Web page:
Umbilicus intuens can be extremely debilitating. Indeed, I worked with a leader who once remarked that his organization was full of navel-gazers… those who spent more time looking within the company than outside the company.
Sir Winston Churchill’s wry description about the enemy lends a credible analogy:
“However absorbed a commander may be in the elaboration of his own thoughts, it is sometimes necessary to take the enemy into consideration.”
Here are 4 warning signs that you should spend more time considering the competition when executing your business plans:
- Marketing literature touts features and capabilities vs. solving customer needs – Customers may indeed care that your product comes in a variety of colors, or has WiFI but the most important consideration is whether or not it addresses a customer need. (This TED video illustrates how appealing to ‘why’ is more persuasive than showing ‘what’.)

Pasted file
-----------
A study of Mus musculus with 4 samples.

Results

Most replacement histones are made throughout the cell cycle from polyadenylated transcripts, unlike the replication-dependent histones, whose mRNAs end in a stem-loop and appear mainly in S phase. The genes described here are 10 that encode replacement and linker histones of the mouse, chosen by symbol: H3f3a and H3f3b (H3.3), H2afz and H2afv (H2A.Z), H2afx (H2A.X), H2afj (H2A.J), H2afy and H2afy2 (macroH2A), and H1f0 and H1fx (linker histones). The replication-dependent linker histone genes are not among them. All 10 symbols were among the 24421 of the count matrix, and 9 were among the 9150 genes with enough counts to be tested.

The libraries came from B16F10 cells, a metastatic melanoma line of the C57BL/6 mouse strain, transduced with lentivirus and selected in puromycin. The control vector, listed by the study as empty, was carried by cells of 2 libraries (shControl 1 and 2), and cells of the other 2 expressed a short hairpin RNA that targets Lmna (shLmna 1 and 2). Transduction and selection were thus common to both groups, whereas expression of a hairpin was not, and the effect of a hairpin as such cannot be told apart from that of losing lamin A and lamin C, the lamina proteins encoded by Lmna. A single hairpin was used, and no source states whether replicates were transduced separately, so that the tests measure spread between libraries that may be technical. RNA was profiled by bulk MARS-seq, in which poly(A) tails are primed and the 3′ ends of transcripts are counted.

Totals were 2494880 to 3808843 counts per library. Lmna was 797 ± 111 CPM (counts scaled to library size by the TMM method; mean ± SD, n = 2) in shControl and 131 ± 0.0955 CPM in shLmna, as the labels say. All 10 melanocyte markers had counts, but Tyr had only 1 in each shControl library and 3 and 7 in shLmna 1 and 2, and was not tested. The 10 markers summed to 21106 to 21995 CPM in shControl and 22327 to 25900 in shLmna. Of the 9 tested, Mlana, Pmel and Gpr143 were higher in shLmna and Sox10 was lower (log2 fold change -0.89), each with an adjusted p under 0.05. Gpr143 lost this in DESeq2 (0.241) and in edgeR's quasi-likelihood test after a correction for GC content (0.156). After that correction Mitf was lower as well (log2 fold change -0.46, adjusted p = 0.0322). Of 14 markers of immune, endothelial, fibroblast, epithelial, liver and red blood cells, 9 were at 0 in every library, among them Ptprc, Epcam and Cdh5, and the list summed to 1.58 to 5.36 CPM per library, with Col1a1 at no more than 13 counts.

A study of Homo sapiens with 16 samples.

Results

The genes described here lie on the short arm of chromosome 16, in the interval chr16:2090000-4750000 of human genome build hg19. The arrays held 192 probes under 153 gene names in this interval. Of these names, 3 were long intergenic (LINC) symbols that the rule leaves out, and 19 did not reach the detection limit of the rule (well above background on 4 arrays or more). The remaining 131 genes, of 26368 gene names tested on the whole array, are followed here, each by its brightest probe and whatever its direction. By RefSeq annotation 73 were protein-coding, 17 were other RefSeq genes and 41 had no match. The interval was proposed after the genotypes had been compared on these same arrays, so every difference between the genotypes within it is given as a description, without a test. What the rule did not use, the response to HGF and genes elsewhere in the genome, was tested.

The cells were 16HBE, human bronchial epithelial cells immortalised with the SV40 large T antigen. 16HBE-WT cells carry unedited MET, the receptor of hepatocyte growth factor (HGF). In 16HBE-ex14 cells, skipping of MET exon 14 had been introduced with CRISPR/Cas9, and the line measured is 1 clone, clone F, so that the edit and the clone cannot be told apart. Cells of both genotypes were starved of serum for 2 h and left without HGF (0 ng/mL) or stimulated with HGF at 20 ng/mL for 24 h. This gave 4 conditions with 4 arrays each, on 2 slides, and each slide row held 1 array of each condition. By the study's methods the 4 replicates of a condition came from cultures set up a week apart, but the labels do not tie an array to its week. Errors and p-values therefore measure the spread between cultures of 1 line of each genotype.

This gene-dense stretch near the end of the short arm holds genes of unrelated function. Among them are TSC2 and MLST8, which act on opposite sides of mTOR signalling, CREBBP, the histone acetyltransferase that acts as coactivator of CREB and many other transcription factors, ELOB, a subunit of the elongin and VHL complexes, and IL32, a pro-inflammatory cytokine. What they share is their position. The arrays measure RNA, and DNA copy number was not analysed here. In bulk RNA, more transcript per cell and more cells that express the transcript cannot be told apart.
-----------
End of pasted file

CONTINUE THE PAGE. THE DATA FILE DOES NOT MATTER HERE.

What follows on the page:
- Metrics measure activity vs. achievement – (see Moneyball and the Customer Experience)
- Culture rewards those who play politics vs. help the company succeed – If you look around and find people more interested in advancing their personal prospects than in serving the customer/company, you have a problem. Companies are teams so if one teammate begins to monopolize the energy and attention of a group, you can be sure that they are no longer serving the company’s needs to the fullest extent. Think I’m wrong? Ask yourself about the US politicians and our recent fiscal woes. The needs of the country are clearly subordinated to the re-election hopes of congress.
- Employees are ranked and evaluated against their peers vs. the industry – your company wants the best people on the market, right? So when evaluating performance it is critical to understand which employees compare favorably to the overall talent pool. (And just as critical to know where you have talent gaps compared to your competition.)
The pivot point is that if you neglect competitive forces or customer needs POGO’s reflection that “we have met the enemy and he is us” may indeed become a self-fulfilling prophecy.
What can you do to help align your company to focus on external factors to ensure your continued survival and success?